I hate big occasions; I find them uncomfortable and I’m never quite sure about the formalities, what I’m supposed to do, who I should speak to, what to say. I’ve been to more than a few, of course, in my time - even once to Buckingham Palace, at the invitation of Her Majesty - but it’s never got easier; I’m always something of a fish out of water at these events. I envy those who take things like this in their stride and seem instinctively to know the ropes, those who have the right words to say, and probably wear the right tie. At big events I tend to play safe and be the last person to sit at table. That means I’ll probably be sitting next to the one person no-one wants to sit by. Unless, of course, that’s me.
I remember arriving once at a school concert where the hall was full. There were people standing at the back, so I joined them. The head teacher spotted me from her place at the top of the hall, bustled down to where I was standing, and urged me to come and take my seat with the VIP’s on the front row. I refused, which made her a bit cross I think - but it didn’t seem fair for me to sit in front of parents whose children were performing.
So this morning’s story from St Luke’s Gospel has a lot I can relate to. I can imagine being at the dinner party Jesus was at, where people were jostling for the best seats. But I don’t think I’d have been one of them. But Jesus has some good advice to give about how to do dinner parties and the like. If you grab the top seat and your host makes it clear that it’s reserved for someone else, you’ll be covered in shame. But if you go somewhere humble, maybe your host will bring you to sit by him, and then you’ll be honoured. And even when I’m just hanging around to see what chairs are left, it’s always nice when someone spots you and calls you over to say, “Come and join me here.”
At the height of his fame as a writer, Thomas Hardy ceased to write novels. His last novel, “Jude the Obscure” was published in 1895, but Hardy lived another 33 years, and he continued to write poetry. I like his poems, but I was fascinated to learn that, despite being so famous that any journal would have paid good money to publish his work, Hardy continued, whenever he submitted a poem for possible publication to include a stamped addressed envelope, so his manuscript could be returned if it was rejected. Humility like that is admirable, I think; it may even be the necessary mark of true greatness.
The late New York Methodist preacher and teacher Norman Vincent Peale, now best remembered as the author of “The Power of Positive Thinking”, once had one Donald Trump as his pupil. Apparently, he thought of Mr Trump as having a profound streak of honest humility, though maybe he’s lost a bit of that since. These days Mr Trump is humble enough to claim that Peale thought (quote) “that I was his greatest student of all time.” Now there’s positive thinking.
Humility has little to do with we look like on the outside, it’s the inside that matters. If a man went on purpose to take the lowest seat hoping he’d be called up higher and made a fuss of, he might well end up spending the whole meal seething with rage, if in fact he got overlooked and left where he was. True humility is when you sit in the lowest place and don’t mind at all if that’s where you stay. And humility like that does in fact require some positive thinking.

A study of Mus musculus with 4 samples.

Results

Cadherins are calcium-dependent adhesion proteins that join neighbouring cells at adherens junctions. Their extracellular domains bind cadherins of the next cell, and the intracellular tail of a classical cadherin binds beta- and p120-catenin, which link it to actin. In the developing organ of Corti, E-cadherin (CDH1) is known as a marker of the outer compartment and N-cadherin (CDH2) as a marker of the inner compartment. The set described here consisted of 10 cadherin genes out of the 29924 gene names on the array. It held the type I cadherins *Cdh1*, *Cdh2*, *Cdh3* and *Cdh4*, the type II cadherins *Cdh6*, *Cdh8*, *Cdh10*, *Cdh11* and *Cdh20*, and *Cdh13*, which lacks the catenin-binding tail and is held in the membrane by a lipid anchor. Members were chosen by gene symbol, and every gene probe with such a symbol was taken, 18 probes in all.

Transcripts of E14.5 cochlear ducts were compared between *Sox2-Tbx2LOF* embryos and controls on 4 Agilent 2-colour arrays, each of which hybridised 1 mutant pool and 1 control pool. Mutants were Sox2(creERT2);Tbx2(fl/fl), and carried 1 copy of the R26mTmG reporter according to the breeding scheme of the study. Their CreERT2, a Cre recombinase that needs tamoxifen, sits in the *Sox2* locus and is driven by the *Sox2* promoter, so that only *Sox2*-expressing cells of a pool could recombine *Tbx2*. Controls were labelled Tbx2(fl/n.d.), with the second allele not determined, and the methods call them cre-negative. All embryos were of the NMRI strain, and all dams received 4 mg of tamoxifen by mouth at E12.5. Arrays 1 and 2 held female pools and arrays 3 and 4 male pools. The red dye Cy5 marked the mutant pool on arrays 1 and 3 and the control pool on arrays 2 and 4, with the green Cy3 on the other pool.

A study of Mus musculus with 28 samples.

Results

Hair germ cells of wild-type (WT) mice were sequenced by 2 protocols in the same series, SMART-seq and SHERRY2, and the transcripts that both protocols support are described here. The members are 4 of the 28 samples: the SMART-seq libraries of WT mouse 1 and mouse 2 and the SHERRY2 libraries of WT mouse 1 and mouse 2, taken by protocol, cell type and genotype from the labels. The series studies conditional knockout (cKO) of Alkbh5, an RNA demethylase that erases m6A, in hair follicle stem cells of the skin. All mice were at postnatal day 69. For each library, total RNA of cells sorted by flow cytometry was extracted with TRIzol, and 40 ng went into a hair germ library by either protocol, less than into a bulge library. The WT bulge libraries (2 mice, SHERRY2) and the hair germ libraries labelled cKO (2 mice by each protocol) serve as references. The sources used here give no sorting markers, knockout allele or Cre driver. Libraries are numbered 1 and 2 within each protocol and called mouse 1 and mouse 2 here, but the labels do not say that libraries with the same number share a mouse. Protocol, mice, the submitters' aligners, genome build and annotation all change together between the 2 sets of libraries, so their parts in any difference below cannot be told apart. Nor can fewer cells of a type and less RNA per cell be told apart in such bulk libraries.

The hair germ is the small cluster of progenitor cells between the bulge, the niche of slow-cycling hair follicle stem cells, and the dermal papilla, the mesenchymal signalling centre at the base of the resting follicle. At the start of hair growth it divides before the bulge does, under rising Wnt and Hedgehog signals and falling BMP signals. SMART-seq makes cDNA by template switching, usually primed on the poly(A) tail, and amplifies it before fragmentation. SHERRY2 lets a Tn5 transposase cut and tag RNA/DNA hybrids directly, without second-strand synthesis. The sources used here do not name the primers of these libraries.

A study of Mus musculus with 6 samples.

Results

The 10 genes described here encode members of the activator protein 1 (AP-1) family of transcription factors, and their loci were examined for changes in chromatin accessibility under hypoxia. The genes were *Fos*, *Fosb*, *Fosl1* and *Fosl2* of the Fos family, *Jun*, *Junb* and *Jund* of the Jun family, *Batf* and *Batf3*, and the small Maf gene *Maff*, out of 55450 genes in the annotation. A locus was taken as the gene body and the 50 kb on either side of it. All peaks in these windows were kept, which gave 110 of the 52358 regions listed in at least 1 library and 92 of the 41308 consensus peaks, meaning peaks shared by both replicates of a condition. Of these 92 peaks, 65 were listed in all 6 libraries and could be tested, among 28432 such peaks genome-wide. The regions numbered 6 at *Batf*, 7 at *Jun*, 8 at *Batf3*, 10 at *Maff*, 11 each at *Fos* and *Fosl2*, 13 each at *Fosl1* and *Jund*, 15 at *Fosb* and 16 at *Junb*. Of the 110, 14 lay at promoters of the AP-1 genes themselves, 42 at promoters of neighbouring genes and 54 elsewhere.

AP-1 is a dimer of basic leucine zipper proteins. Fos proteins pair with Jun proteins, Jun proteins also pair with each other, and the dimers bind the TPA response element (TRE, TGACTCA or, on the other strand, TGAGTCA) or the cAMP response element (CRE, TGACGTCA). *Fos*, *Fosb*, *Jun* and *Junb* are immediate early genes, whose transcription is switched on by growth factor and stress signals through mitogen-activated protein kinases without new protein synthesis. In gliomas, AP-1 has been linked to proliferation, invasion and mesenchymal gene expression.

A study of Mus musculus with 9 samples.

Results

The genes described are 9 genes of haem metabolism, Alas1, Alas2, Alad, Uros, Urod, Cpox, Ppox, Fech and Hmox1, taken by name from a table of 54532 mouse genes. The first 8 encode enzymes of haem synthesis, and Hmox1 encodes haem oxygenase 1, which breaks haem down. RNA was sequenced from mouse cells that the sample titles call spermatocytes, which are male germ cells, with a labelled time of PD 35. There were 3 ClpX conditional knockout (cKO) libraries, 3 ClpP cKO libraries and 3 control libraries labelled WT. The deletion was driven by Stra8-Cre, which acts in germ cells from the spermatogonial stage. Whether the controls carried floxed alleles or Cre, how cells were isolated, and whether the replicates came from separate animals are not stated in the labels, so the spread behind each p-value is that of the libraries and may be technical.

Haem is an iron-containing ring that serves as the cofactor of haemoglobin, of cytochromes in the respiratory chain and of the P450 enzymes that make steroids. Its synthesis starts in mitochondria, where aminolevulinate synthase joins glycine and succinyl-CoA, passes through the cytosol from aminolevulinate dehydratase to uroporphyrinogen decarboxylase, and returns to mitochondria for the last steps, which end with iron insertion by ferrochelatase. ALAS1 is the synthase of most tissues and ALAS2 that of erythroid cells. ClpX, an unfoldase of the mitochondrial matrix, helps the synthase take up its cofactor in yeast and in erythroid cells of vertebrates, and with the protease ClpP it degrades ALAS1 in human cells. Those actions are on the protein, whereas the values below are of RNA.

Positive thinking because we need to realise the truth, and to know where we really stand in the order of things. The world, and indeed the church if I’m honest, can be much damaged by the petty vanities and politicking of people who like to be big fish in little ponds. In a parish long ago, I had Ted. Ted was really a nice man, there was a lot about him that was genuinely good - but . . .
The but about Ted was that in twenty-two years as church warden, he’d made himself indispensible by de-skilling those around him, even whoever happened to be the other church warden. He managed to surround what he did with an air of mystique, adding job after job to the senior churchwarden’s role, and not letting anyone else know what he did and how to do it. All so he could be a big fish in a little pond, and so the church couldn’t survive without him. But, in the end, it did. Whoever we are, we don’t know it all and we can’t know it all. However important we may believe ourselves to be, or try to make ourselves, when we leave the scene - well, we may be missed, but in time the ripples smooth over, other people take over, the life and the work goes on. Or, if it doesn’t, then it wasn’t meant to.
It’s done me good to watch the Olympics. Watching amazing athletes doing things I couldn’t imagine doing puts what I do into perspective. Whatever we do, it’s good from time to time to compare ourselves with the real experts.
Jesus was in the home of a leading Pharisee. Pharisees were people who practised perfection; they were proud that they were able to keep every point of God’s Law. And Jesus struggled with people like that. God is best served not by people who think they’re perfect, but by people who know they’re not. Those are the people who know their need of God. William Barclay has written that “if we set our lives beside the life of the Lord of all life, if we see our unworthiness in comparison with the radiance of his purity, pride will die and self-satisfaction will be shrivelled up.” So here’s what I think. I am not important in the Kingdom of God, but we are. It isn’t as I stand out that God is served, but as we engage and work together. The measurement of me isn’t how high a place I’ve grabbed, or how highly my peers assess me; it’s what I can offer as part of the body of Christ, and as part of his apostolic Church.